Per the title, I'll be discussing my own ways of thinking in this post.
If I had to sum it up briefly, I would call myself a moderate liberal rule utilitarian thinker with some empiricism, logic, and methodological naturalism thrown in. That, of course, combines political, ethical, and philosophical ideas, so I'll go ahead and analyze each separately, starting with the last.
The latter half of that last is most closely connected with philosophy, specifically with asking ourselves how we can be certain that what we know matches the actual nature of reality. Logic is the simplest thing I listed, but also the most important. I believe that when it comes down to it, we defend our assumptions about how the world works with logic and evidence, and that we go with the best assumption we have until new evidence comes along. And, given that I mentioned empiricism and methodological naturalism, it is probably obvious that I believe those are currently most supported. I would not, categorically, say that nothing supernatural exists, since it is difficult to say that with certainty. I do, however, believe it is unlikely, with our current understanding, that such things exist, and I believe we can be justified in acting as if that assumption was true, so long as our minds remain open to conflicting evidence.
Next up is the ethical philosophy of utilitarianism. In its most basic form, it focuses on bringing the greatest good to the greatest number. One of its variations is called rule utilitarianism; this theory, instead of focusing on what is right in any specific situation, focuses on creating duties or rules that will promote the greater good overall. Following those rules is then considered good, even if the immediate effect is negative. As with many such ideas, utilitarianism has some problems; in its case, it permits hideous atrocities if the end result brings greater benefit to more people. I, personally, solve this problem by including some details taken from Aristotle's virtues and Kantian ethics, and defining some situations in which the importance of a given duty overrides all potential negative consequences, not just some.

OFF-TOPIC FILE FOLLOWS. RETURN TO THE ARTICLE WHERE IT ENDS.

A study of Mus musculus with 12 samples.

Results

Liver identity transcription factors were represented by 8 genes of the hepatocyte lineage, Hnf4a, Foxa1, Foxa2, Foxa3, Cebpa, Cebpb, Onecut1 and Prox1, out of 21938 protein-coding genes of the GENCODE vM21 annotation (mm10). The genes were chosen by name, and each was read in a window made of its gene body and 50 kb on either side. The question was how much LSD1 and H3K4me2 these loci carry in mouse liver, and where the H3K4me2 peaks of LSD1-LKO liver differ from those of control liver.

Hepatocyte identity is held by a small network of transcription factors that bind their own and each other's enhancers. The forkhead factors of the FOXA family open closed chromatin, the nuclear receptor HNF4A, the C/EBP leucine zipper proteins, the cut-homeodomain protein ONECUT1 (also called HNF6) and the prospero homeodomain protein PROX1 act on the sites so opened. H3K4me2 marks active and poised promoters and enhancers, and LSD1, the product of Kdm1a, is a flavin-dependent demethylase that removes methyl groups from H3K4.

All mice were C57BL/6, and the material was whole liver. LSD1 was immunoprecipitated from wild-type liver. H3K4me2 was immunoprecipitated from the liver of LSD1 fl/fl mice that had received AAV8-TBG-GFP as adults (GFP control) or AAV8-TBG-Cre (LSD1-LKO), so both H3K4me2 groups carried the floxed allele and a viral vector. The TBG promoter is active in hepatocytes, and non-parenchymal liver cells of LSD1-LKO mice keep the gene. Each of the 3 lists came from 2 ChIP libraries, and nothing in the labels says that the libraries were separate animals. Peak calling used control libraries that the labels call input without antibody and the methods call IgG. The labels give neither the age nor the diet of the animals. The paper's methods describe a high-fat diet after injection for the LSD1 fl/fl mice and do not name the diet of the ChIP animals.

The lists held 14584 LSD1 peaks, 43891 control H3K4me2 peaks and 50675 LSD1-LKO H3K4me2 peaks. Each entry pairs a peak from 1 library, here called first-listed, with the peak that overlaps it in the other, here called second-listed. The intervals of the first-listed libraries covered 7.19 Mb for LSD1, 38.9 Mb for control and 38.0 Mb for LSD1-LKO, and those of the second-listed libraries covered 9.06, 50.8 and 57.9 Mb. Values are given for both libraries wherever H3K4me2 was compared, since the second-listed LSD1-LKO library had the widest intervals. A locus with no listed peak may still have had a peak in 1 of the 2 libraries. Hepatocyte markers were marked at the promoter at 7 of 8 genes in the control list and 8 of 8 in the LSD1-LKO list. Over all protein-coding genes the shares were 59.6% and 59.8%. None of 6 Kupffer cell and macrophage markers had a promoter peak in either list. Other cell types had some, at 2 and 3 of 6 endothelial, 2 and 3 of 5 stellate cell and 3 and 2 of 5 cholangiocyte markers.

My political philosophy is next. Honestly, there's not too much to say here; I tend to sympathize more with the left as opposed to the right, but I also tend to prefer questioning other people's ideas and ensuring a good debate over defending my own ideals. I'll gladly defend any position I believe I can defend, and I'll gladly argue against any position I think is unsound.
Finally, I'll discuss my own weaknesses. Chief among them is that I am an amateur philosopher at best, and am no better than anyone else at coming up with solid, internally consistent sets of ideas. (Probably the section on my ethics, above, could be taken apart by any actual ethical philosopher.) I am also no better than anyone else at admitting when I'm wrong, and have occasionally realized that I'm being stupid or contradictory in an argument and kept going anyway.
Anyway, that should do for a brief summary. Hopefully it will provide some insight into why I come to the conclusions I draw about others' arguments.